A villager came to Reb Yitzchak Aizik of Zhidachov for advice. His local squire was prepared to give him the lease on his inn, which would provide him with a highway used by the dealers in oxen. It had one drawback: since there was no water there for their livestock, they had to make a long detour via a different road. If only water were to be found near this inn, he would be a prosperous man. What should he do?

“Take the lease,” advised the rebbe, “and start digging a well there. When you have dug a few feet, come to me for a Shabbat.”

The villager did just this, and when he came to Zhidachov for Shabbat, the rebbe told him to dig a little deeper, then write the following words on a slip of paper, The servants of Isaac dug a well, and they came and told him, “We have found water”, (Gen. 26:32) and throw it into the well. The innkeeper followed these instructions, and the well immediately filled with spring water...

The innkeeper followed these instructions, and the well immediately filled with spring water, to the delight of the passing gentile merchants. He began to grow rich, because he had taken the lease on this unwanted inn at a very cheap rate.

Now another Jew went along to the squire, and pointed out that he was not earning as much as could be expected on his lease, considering how much the present tenant was obviously prospering; in fact, he could better the offer. In a word, the first leaseholder found himself soon displaced and without any means of income. He set out at once for Zhidachov, and told his rebbe his tale of woe.

“This time,” said Reb Yitzchak Aizik, “these are the words which you should write on the note which you are to throw into the well: All the wells which his father’s servants had dug, the Philistines stopped them up, and filled with earth(ibid. v. 15).

The villager did as he was told. The well dried up, and the disappointed gentiles went to the squire with a complaint: he had leased this concern to a new tenant—but, for some reason, the water supply had expired with the first lease.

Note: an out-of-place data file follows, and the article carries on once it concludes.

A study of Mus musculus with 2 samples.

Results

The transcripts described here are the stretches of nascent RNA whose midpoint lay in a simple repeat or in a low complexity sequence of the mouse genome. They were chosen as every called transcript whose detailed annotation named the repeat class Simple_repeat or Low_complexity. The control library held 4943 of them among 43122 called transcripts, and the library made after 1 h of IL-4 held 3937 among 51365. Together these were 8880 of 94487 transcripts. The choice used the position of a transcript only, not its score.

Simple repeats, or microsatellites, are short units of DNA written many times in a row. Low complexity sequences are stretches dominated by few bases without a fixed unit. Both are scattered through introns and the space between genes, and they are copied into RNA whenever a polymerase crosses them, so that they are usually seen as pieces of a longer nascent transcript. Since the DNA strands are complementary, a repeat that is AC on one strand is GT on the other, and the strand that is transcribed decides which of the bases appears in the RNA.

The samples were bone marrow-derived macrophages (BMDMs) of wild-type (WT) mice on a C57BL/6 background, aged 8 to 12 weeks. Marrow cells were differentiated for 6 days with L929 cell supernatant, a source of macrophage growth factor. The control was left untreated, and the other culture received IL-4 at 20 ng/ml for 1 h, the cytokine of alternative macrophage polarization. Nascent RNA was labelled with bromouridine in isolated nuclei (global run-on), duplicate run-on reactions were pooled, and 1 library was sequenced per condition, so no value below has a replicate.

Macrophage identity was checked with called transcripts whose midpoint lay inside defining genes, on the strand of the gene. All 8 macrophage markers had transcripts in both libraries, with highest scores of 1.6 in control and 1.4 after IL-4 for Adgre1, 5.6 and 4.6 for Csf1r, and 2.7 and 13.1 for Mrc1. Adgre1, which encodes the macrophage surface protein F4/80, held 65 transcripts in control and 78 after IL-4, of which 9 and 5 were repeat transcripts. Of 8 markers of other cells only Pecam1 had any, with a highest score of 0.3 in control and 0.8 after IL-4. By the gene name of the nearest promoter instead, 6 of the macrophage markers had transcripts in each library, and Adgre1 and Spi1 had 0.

The squire called back the first tenant, but when he proposed that they renew their former arrangement, the tenant stipulated that he would first have to consult his rebbe.

Reb Yitzchak Aizik advised him to agree only if the terms were the same as heretofore, and told him that the slip of paper which he should throw into the well this time should bear these words: They dug another well, and did not quarrel over it; and he called that place Rechovot, saying, “For now G‑d has made room for us, and we shall be fruitful in the land” (ibid. v. 22).

The squire agreed to the earlier terms, the Jew threw in his note, and the spring came back to life. And that same inn on the highway provided a respectable livelihood for the man, and his children, and his children’s children—without any unfair interference—for many long years thereafter.

Adapted by Yerachmiel Tilles from Sippurei Chassidim by Rabbi S. Y. Zevin, and supplemented from other oral sources.

Biographical note:
Rabbi Yitzchak Aizik of Zhidachov (1804–30 Adar I 1872) was a descendant of the Tosefot Yom Tov (Rabbi Yom Tov Lipman Heller, 1579–1654), and the nephew and successor of Rabbi Zvi Hirsch of Zhidachov. He was a major scholar as well as a chassidic rebbe, who authored commentaries on the Talmud, Midrash and Kabbalah. His thousands of followers included some of the leading scholars and rabbis of the generation. His four sons were all considered tzaddikim, including the first rebbe of the Komarna dynasty.